San Luis Obispo county’s former Public Works director was accused by staff of aggressive or inappropriate behavior and making statements that bordered on sexual harassment to female staff on and off the clock, written complaints by at least three employees show.
Daniel “Colt” Esenwein resigned May 5 — after just over a year on the job — after spending 17 days on paid administrative leave, according to county administrative officer Wade Horton.
In response to public records requests made by local media last week, the County Counsel’s Office on Tuesday released heavily redacted copies of what appears to be three written complaints that accuse the former director of making inappropriate statements such as “bending over and taking it,” and “grabbing your ankles,” and generally creeping out female employees, the complaints state.
“Universally, nobody trusts or likes Colt,” one employee wrote.
Esenwein, whose total pay came to more than $285,000, received $12,027 while he was on leave, Horton said.
Horton had previously declined to elaborate on the complaints against Esenwein other than to say that the county launched an internal investigation quickly after “concerns” were raised by staff. Esenwein voluntarily resigned shortly after.
Esenwein sent an email to Horton May 5 that reads: “Please accept this notice as my resignation, effective immediately. If you have any questions or concerns, please let me know.”
Esenwein was hired in April 2018 and oversaw about 280 full-time employees. Before coming to San Luis Obispo County, he was formerly the assistant director of public works in Santa Cruz County and had served as deputy director of public works for Stanislaus County.
One complaint released Tuesday appears to say Esenwein’s “unusual and difficult personality was known there.”
Because of the county’s extensive redactions on the documents, it is unclear how many people made complaints against Esenwein, and The Tribune is not publishing certain information that could reveal who made the complaints.
However, the documents show that Esenwein was accused of using graphic sexual descriptors to “emphasize how he does business.”
The document says, “(Redacted) basically said Colt singles out cute young females and flirts with them while he ignores the rest of the office.”
A staffer said that “people are borderline getting asked out on dates.”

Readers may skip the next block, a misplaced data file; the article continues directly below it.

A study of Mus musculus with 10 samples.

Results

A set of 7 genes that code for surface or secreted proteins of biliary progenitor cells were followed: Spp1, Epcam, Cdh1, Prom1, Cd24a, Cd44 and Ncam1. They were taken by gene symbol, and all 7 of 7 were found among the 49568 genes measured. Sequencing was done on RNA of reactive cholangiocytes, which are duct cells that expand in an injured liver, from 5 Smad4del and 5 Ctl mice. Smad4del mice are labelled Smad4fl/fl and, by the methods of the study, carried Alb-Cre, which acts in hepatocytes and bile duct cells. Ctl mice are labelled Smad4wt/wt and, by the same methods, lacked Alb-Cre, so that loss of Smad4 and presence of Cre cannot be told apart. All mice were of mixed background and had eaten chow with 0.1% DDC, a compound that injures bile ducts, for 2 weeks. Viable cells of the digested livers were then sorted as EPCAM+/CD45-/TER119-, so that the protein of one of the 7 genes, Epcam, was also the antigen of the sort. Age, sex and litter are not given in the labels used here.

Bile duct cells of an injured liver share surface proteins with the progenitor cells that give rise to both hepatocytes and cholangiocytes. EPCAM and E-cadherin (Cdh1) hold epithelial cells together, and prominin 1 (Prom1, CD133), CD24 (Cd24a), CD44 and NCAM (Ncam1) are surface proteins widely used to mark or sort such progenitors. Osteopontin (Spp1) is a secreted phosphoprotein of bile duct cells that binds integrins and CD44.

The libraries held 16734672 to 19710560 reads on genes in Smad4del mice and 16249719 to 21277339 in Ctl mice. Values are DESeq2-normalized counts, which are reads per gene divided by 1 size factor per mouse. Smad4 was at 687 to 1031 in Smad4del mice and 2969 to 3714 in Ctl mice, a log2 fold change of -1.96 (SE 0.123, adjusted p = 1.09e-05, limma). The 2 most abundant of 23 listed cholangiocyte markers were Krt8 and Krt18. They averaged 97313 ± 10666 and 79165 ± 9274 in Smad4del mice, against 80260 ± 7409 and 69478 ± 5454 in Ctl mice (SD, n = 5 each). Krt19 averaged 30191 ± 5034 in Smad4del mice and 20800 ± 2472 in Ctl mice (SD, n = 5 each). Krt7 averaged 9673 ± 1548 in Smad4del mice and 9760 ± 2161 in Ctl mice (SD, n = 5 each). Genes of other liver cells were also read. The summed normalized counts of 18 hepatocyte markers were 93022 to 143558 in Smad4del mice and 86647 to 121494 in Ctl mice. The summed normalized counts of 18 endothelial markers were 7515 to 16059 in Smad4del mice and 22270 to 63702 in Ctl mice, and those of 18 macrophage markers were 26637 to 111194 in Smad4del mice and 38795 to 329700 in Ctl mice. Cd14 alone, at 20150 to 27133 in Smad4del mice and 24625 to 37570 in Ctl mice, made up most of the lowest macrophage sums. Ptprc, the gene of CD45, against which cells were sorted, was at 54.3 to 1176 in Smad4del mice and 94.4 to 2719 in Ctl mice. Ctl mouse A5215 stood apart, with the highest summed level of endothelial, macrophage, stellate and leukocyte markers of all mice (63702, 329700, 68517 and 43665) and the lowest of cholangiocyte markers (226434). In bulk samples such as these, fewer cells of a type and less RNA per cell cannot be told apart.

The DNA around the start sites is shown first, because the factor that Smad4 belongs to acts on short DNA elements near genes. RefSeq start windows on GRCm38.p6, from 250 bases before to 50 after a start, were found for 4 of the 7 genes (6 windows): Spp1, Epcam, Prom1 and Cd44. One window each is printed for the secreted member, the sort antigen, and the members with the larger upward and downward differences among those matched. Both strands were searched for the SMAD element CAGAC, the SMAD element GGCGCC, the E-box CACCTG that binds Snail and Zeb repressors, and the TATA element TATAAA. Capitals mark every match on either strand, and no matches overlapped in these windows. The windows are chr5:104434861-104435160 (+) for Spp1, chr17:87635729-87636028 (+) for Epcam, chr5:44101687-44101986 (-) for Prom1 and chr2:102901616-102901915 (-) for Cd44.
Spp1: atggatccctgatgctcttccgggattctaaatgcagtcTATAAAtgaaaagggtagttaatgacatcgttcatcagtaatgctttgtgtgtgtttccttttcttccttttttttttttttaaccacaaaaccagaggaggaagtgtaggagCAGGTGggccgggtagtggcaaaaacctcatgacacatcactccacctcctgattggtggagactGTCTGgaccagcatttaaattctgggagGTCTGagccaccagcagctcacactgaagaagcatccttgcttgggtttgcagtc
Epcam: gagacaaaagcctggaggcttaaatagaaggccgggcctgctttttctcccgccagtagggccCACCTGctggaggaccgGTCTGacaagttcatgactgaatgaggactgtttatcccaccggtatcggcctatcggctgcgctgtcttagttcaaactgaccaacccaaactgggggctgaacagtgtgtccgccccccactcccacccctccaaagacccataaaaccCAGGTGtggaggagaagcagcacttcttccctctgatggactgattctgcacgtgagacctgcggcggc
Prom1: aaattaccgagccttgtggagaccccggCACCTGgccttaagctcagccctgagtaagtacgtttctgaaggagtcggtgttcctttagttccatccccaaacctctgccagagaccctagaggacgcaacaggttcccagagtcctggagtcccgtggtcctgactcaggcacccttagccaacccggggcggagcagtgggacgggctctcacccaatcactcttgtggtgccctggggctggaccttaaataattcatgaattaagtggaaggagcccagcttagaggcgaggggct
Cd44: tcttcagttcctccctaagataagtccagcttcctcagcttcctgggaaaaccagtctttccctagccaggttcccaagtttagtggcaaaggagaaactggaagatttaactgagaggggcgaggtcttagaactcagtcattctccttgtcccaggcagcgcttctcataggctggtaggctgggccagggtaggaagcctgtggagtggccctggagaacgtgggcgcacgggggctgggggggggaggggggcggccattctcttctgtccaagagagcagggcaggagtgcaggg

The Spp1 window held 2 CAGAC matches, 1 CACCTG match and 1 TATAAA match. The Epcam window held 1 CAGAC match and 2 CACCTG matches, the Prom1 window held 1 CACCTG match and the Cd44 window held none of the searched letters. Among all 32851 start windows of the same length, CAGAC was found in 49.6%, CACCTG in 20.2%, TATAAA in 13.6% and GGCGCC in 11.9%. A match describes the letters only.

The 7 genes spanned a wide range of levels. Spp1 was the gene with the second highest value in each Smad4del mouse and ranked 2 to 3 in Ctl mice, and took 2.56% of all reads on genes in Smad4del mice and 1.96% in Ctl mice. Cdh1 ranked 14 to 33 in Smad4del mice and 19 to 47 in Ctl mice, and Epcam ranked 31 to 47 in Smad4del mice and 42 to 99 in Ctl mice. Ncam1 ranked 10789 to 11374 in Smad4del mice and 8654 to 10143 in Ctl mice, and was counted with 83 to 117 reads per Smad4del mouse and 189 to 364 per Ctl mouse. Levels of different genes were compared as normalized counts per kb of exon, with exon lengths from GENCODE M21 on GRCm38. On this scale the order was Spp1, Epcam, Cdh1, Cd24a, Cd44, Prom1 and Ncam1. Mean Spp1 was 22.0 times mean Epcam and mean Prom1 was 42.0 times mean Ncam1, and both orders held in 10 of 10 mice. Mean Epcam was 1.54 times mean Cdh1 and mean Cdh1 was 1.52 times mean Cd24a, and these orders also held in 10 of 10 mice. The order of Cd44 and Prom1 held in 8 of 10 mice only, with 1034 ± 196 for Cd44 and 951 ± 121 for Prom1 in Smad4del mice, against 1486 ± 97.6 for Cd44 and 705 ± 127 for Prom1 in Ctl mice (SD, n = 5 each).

One employee cited a a social mixer in which Esenwein allegedly was giving women “unwanted attention.”
“(Redacted) said nothing sexually inappropriate, but he is loud and obnoxious and he stays for a long time and gets in people’s personal space, especially the females,” the complaint reads.
Other complaints somewhat downplayed Esenwein’s alleged behavior, calling him “an immature high school boy” who likes attention but “doesn’t have the social awareness to realize it’s inappropriate.”
Staff reported witnessing “very brutal situations where staff gets ‘interrogated and humiliated’,” elevating staff into “defense mode.” They alleged he spoke loudly about personnel issues with his door open, then laughed about whether people could hear him.
However, one staff member said they didn’t feel he was being malicious.
Horton declined to discuss details of the investigation but said that the former Public Works director’s “actions and leadership style were not aligned with my expectations of a department head.”
“I do appreciate the courage it took for staff to come forward, and I want any staff member in the county of San Luis Obispo to feel supported if they have a concern. We take these concerns seriously, and that’s why we conducted an investigation,” Horton said.
Horton, who is now the top administrator in the county, preceded Esenwein as director of Public Works from 2014 to 2017. The department has several high-ranking female employees, and has been described by county supervisors as a high-functioning and effective team.
“Leaders are leaders and Public Works is a great department to have an opportunity to work with some incredible people. Whether the leaders are female or male, regardless of that fact, they’re going to be empowered and supported to do their jobs,” Horton said in a phone interview with The Tribune.
Horton told The Tribune last week that he has chosen to not immediately move forward with the recruitment process for a new director. One of the department’s three deputy directors, John Diodati, is acting as interim director and is expected to be in the position for about a year.
The situation may impact how the county investigates future hires.
“We’re always looking for lessons learned. We’ll be evaluating the situation and determining changes that need to be made,” Horton said of the hiring process.